The West Australia grid has set a new record low for minimum demand as rooftop solar continues to increase its share of generation, and the government announces it is reshaping solar export tariffs to encourage storage, electric vehicles and west facing solar panels.
The new low was set on Sunday, just after noon local time, when grid demand fell to 1059MW as rooftop solar provided 40 per cent of total generation. That’s below the previous record of 1135MW set in January this year, but the Australian Energy Market Operator expects that further lows will be set this spring and in following years.
The record fell on the same weekend that new winter lows for minimum demand were set in Victoria and South Australia, according to AEMO, both also the result of increased generation from rooftop solar, and low overall demand.
The lows for minimum demand levels are falling rapidly. “This was the fourth consecutive quarter in which a minimum quarterly demand record was set, of which two were all-time minimum demand records, highlighting the continuing impact of distributed PV on demand patterns and quantities in the WEM,” AEMO said in its latest Quarterly Energy Dynamics statement.
This new record takes the number of consecutive quarters with a new minimum demand record to five, including three which are all time records.
On Sunday, of the grid demand, large scale renewables – wind and solar and described here as “non scheduled” were reduced to just 170MW in W.A. after several installations were curtailed to allow room for the synchronous generation from coal and gas plants that AEMO judges is necessary for the grid.
Both AEMO and the W.A. state government have raised concerns about the growing impact of rooftop solar in the grid, and earlier this year released a distributed energy roadmap, which outlined the new inverter standards and protocols for “solar shedding” that it deemed necessary to cater for the continued expansion of rooftop solar.
The government has also been supporting the installation of numerous “community scale batteries) to soak up excess rooftop solar output on certain feeders into the network and at other strategic points.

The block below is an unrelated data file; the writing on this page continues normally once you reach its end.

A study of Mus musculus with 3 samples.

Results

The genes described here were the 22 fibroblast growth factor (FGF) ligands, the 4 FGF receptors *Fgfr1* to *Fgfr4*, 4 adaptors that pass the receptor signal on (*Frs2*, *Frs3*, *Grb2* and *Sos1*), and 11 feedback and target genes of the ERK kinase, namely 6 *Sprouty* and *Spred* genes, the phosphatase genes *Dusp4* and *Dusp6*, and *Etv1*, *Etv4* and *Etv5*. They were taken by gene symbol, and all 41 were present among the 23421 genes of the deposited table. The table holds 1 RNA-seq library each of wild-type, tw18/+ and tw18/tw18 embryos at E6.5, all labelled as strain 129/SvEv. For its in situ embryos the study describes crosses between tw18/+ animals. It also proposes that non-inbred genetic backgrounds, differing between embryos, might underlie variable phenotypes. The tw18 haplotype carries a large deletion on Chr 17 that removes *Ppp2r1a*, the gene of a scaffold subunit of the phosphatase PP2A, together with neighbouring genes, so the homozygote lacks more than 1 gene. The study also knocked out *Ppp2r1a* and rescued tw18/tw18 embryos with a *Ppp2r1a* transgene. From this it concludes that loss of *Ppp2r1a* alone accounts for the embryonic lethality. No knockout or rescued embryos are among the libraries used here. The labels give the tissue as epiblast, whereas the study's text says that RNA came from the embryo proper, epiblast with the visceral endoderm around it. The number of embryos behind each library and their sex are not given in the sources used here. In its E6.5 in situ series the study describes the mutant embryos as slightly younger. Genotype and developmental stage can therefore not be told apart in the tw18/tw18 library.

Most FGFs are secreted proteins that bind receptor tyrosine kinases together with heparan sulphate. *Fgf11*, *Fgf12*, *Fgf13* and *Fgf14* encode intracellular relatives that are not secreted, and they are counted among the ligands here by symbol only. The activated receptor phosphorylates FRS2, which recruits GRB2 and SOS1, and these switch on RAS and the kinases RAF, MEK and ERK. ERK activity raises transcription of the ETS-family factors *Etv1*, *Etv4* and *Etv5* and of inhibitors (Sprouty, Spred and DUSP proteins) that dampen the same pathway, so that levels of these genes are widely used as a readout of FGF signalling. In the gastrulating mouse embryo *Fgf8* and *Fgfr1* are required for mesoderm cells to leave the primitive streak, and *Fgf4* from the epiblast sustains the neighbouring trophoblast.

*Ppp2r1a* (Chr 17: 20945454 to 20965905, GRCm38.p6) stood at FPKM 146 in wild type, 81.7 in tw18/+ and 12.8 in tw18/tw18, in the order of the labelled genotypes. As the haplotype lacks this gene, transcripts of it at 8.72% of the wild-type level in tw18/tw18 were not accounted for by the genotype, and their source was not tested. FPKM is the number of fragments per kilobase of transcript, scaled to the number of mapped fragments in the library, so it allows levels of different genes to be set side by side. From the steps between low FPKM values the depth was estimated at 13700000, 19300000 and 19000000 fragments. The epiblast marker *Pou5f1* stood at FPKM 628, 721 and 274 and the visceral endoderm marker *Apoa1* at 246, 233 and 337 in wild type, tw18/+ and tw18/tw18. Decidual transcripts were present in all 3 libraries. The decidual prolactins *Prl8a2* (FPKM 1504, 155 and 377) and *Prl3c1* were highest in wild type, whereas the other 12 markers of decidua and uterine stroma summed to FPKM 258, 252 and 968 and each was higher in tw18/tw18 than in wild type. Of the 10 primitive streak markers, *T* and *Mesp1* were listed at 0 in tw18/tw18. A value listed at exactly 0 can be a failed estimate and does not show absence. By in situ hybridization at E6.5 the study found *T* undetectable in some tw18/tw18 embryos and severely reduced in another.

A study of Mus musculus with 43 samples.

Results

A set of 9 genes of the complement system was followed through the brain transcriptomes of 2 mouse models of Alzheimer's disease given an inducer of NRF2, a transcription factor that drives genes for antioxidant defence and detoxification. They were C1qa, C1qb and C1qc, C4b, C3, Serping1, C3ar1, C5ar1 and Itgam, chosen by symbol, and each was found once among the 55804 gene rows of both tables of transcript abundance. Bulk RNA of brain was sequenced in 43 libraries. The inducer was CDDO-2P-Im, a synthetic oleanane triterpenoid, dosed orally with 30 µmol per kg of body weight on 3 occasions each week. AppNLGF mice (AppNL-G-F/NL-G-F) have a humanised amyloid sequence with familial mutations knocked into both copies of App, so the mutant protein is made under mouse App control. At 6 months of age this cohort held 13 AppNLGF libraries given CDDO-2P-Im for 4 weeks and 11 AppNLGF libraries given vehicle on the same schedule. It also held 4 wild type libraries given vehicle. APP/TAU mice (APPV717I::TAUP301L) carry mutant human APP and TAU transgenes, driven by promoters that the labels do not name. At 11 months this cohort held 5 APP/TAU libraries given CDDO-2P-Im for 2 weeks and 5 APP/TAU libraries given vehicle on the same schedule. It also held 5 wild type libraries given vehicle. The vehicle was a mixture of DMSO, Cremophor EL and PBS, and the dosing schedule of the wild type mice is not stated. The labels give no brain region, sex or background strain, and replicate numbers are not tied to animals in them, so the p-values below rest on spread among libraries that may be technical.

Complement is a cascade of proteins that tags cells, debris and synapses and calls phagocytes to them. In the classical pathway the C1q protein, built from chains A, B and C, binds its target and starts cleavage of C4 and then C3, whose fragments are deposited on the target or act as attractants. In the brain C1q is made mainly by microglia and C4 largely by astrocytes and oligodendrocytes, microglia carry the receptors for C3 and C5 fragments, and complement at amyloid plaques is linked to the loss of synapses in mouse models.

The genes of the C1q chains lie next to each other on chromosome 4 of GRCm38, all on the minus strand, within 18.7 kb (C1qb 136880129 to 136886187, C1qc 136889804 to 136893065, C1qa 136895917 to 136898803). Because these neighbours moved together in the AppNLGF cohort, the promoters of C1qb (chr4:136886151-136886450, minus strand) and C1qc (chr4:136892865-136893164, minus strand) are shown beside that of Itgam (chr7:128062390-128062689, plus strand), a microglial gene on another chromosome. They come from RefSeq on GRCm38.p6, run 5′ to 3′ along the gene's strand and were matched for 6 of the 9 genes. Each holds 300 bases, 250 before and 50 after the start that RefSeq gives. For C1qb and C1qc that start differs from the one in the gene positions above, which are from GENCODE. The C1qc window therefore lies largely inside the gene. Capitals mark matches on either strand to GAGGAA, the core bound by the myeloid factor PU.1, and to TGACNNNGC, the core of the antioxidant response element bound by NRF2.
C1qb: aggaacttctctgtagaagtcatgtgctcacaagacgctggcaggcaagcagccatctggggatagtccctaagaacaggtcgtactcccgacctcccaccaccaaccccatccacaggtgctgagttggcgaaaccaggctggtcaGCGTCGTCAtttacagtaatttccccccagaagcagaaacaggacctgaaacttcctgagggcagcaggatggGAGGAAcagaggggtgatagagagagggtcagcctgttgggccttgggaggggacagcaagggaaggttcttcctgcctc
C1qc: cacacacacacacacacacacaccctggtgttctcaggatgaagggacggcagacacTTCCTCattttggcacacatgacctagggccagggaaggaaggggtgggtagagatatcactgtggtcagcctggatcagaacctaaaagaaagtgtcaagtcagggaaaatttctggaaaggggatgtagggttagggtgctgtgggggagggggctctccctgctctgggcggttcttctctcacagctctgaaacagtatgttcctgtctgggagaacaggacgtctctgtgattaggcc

In W.A. AEMO has set 700MW as the minimum grid demand level that can be accommodated without serious impacts on grid stability, but even at that level would suggest heavy curtailment of non-synchronous generation.
The push for higher inverter standards and the “solar shedding” protocols is now being pursued more vigorously in South Australia, which has an even higher percentage of rooftop solar in its grid, although it does benefit from transmission links to Victoria.
As we reported over the weekend, as grid constraints, network bottlenecks and low demand caused the curtailment of more than 2,300MW of large scale renewables across, the share of rooftop solar in South Australia reached 60 per cent.
According to AEMO, that reduced minimum demand to a new winter low of 585MW, and within a few years it expects this could fall to zero, and below, if action is not taken. As part of its response, it and the state government are fast-tracking new inverter standards to ensure rooftop solar PV can ride through disturbances, and new protocols that will enable it to switch off rooftop solar when needed.
Victoria also set a new minimum demand record on Saturday, at the same time as South Australia, when its grid demand fell to 3,448MW, with rooftop solar accounting for 29 per cent of total generation. The new lows beat near winter records achieved in both states just four weeks earlier, on August 2.